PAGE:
Israel suffers heaviest combat losses since October, diplomatic isolation


Israel announced its worst combat losses for more than a month on Wednesday after an ambush in the ruins of Gaza, and faced growing diplomatic isolation as civilian deaths mounted and a humanitarian catastrophe worsened in the Palestinian territory.
Intense fighting was under way both north and south Gaza, a day after the United Nations demanded an immediate humanitarian ceasefire. U.S. President Joe Biden said Israel’s “indiscriminate” bombing of civilians was costing international support.
Israeli Prime Minister Benjamin Netanyahu said the military would fight on despite international pressure for a ceasefire.
“We’re continuing until the end, until victory, until Hamas is annihilated,” he told soldiers in Gaza over radio. “I say this in the face of great pain but also in the face of international pressures. Nothing will stop us.”
Israel reported 10 of its soldiers killed in the past 24 hours, including a full colonel commanding a forward base and a lieutenant-colonel commanding a regiment. It was the worst one-day loss since 15 soldiers were killed on Oct. 31.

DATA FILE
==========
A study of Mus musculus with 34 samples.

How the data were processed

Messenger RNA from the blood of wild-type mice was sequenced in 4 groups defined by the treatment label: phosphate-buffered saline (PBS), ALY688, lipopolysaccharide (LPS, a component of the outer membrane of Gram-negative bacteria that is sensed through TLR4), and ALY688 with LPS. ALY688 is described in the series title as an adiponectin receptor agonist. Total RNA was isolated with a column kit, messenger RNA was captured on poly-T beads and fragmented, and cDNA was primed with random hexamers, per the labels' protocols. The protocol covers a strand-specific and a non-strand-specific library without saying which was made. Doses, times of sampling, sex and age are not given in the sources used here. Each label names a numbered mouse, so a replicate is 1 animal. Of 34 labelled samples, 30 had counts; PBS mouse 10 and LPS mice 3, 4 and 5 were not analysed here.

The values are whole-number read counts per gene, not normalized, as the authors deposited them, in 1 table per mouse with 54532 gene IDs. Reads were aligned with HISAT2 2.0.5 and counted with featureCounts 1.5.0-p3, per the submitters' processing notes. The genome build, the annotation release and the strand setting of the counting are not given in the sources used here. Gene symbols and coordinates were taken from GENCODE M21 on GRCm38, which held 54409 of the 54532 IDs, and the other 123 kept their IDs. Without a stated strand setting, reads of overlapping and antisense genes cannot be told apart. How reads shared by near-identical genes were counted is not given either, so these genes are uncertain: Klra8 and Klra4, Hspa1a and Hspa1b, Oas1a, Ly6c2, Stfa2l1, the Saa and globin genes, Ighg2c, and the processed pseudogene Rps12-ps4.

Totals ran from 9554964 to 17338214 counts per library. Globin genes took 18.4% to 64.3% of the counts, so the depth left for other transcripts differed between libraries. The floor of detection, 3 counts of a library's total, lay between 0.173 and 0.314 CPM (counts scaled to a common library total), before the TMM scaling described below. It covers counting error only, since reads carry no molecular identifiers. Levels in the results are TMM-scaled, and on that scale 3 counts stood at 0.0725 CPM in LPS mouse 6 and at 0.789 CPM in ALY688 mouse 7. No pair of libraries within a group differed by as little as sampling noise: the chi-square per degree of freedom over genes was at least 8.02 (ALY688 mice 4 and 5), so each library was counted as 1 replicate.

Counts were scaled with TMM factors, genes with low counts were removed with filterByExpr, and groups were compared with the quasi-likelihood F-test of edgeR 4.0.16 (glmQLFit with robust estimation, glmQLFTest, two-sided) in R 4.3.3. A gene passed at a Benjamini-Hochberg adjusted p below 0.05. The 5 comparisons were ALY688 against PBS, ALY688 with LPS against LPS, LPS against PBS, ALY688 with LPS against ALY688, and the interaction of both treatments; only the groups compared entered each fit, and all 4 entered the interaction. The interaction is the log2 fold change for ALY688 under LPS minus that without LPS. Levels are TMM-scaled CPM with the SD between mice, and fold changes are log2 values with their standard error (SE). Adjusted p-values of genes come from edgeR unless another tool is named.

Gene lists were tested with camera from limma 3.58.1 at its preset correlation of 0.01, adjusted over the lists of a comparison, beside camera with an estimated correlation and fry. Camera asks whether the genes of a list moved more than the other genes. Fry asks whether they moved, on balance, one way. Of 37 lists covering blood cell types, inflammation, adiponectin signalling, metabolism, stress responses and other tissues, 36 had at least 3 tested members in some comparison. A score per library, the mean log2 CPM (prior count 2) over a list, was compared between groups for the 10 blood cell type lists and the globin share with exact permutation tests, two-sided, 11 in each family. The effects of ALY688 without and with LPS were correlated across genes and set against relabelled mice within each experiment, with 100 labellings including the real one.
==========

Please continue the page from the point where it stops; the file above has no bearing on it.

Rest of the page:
Most of the deaths came in the Shejaia district of Gaza City in the north, where troops were ambushed trying to rescue another group of soldiers who had attacked Hamas fighters in a building, the military said.
Hamas said the incident showed that Israeli forces could never subdue Gaza: “The longer you stay there, the greater the bill of your deaths and losses will be, and you will emerge from it carrying the tail of disappointment and loss, God willing.”
Israel had global sympathy when it launched a campaign to annihilate the Hamas militant group that controls Gaza after fighters stormed across the border fence on Oct. 7, killing 1,200 Israelis, mostly civilians, and seizing 240 hostages.
But since then, Israel has besieged the enclave and laid much of it to waste. Gaza’s health ministry said on Wednesday at least 18,608 people have been killed and 50,594 injured in Israeli strikes on Gaza since Oct. 7. Many thousands more are feared lost in the rubble or beyond the reach of ambulances.
Warplanes again bombed the length of Gaza and aid officials said the arrival of winter rain worsened conditions for hundreds of thousands sleeping rough in makeshift tents. The vast majority of Gaza’s 2.3 million people have been made homeless.
In Rafah, in Gaza’s south where hundreds of thousands of people have sought shelter, the bodies of a family killed in an overnight air strike were being laid out in the rain in bloodied white shrouds, including several small children. One, the size of a newborn, was wrapped in a pink blanket.